Tellus Mater Installation

The Connected Environments team, as part of The Bartlett Centre for Advanced Spatial Analysis (CASA), invites you to come and consider both through a new interactive installation developed in response to Gaia, by Luke Jerram, featuring an AI interface that thinks it is the spirit of the Earth itself.

This installation extends the enduring concept of Mother Earth through recent developments in natural language processing and artificial intelligence, allowing you to talk to Mother Earth. Trained on over 300 billion words, Tellus Mater uses a large language model to converse and generate answers to questions about the planet, ecology and imagined futures based on data available up to September 2021.

Tellus Mater ChatGPT Interface

Tellus Mater ChatGPT Interface

A new moving image work offers an artistic response to the AI language model. Integrating fragments of text generated through hours of conversational interaction with archival images of botanical gardens, the video loop (below) invites reflections on the generative potential and limitations of the technology as a form of collective expression and medium for dreaming up alternative future worlds.

All text input and answers are logged as part of an ongoing series of Internet of Things-related research projects developed in CASA into conversations with objects in our built and natural environment.

Tellus Mater has been in place for a month, and so far, it has produced 55, 944 words of conversation, equating to 106 pages of A4. Conversations have been wide and varied, ranging from asking Gaia what her favourite country is (she does not have a preference) through to the meaning of life (a deeply personal and individual quest – it may involve exploring one’s values, finding fulfilment in meaningful relationships and experiences, seeking knowledge and wisdom, or connecting with something greater than oneself) and onwards to why people dislike rain (its important to remember rain is essential for maintaining life on earth).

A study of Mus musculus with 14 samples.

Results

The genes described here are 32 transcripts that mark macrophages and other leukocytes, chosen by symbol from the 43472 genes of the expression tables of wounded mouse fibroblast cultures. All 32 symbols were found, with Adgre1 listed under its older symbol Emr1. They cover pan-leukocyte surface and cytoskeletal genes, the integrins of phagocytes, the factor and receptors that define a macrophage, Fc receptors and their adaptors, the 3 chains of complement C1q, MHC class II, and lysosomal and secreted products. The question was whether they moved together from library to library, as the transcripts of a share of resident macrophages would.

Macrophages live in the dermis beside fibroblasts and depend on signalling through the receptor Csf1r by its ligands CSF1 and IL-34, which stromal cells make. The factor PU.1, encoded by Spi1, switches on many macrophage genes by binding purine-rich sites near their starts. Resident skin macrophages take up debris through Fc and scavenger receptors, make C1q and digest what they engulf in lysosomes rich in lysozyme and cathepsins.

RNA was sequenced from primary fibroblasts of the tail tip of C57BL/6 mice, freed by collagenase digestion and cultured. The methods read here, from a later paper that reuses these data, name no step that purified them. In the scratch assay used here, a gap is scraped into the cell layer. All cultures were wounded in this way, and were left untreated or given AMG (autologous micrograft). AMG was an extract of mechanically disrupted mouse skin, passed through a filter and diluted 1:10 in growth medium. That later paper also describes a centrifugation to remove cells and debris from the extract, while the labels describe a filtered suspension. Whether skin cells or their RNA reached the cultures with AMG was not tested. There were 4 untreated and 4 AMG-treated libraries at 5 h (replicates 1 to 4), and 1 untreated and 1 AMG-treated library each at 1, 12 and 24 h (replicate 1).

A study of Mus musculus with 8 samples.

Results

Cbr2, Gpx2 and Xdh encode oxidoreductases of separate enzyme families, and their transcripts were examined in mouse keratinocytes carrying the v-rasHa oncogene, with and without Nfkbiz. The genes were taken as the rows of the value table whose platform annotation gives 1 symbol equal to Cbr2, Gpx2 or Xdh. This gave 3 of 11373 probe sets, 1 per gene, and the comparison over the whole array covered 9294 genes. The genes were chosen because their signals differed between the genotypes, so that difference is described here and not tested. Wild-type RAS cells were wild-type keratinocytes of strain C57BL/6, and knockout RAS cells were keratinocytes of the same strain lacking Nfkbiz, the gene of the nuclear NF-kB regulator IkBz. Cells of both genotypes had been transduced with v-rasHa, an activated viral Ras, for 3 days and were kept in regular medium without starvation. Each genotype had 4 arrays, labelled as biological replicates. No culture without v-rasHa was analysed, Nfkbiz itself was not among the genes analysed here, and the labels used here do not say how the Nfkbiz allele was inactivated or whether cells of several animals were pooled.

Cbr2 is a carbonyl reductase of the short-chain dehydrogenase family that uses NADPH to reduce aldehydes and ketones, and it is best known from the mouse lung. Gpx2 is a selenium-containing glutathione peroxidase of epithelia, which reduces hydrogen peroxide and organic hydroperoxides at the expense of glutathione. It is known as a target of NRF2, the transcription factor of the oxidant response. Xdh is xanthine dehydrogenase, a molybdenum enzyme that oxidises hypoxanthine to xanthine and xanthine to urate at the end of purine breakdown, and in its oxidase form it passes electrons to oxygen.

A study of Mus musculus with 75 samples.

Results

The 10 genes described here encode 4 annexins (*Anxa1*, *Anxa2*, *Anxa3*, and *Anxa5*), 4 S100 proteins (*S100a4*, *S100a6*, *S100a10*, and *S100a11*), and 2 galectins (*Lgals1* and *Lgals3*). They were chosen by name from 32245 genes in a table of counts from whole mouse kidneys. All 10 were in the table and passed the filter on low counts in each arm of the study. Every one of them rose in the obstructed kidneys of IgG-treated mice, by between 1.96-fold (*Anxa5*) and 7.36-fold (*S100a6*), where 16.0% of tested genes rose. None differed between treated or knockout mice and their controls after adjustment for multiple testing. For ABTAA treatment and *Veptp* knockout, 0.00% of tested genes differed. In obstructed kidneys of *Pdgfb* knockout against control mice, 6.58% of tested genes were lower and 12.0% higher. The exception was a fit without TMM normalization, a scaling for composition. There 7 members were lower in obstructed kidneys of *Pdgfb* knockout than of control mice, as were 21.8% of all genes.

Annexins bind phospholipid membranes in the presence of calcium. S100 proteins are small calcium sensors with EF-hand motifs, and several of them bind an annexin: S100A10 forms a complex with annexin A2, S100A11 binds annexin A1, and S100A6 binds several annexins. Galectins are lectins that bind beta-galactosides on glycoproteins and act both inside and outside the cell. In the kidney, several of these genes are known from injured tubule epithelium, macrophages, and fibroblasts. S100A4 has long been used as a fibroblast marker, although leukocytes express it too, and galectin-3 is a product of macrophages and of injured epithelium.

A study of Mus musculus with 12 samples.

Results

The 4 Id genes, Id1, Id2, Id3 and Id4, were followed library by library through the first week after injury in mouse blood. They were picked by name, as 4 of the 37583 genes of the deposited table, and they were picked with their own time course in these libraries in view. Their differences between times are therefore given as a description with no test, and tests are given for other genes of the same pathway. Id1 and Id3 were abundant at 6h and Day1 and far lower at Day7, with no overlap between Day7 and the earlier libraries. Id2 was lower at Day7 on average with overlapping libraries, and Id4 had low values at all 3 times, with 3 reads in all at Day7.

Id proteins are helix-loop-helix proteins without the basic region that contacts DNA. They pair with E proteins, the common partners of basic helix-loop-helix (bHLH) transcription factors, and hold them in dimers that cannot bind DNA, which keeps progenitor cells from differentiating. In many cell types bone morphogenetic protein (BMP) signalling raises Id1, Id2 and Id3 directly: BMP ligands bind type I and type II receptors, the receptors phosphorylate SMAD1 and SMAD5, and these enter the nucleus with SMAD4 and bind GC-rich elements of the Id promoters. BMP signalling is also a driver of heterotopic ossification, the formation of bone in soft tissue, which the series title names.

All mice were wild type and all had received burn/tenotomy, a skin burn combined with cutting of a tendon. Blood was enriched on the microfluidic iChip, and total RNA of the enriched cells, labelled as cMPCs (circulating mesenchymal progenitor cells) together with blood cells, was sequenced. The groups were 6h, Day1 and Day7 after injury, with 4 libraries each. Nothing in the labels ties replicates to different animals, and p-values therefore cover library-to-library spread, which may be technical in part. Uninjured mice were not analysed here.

Created as an art installation, the movie runs alongside the interface, intercutting text generated through hours of conversation with Mother Earth and archival images of botanical gardens; the video loop explores different forms of world-making and imagining.

The work was created by Professor Andrew Hudson-Smith and Dr Leah Lovett of the Connected Environments Lab, UCL EAST, as part of The Bartlett Centre for Advanced Spatial Analysis and was kindly supported by the UCL East Engagement team. It will be on show at Marshgate until the end of the year.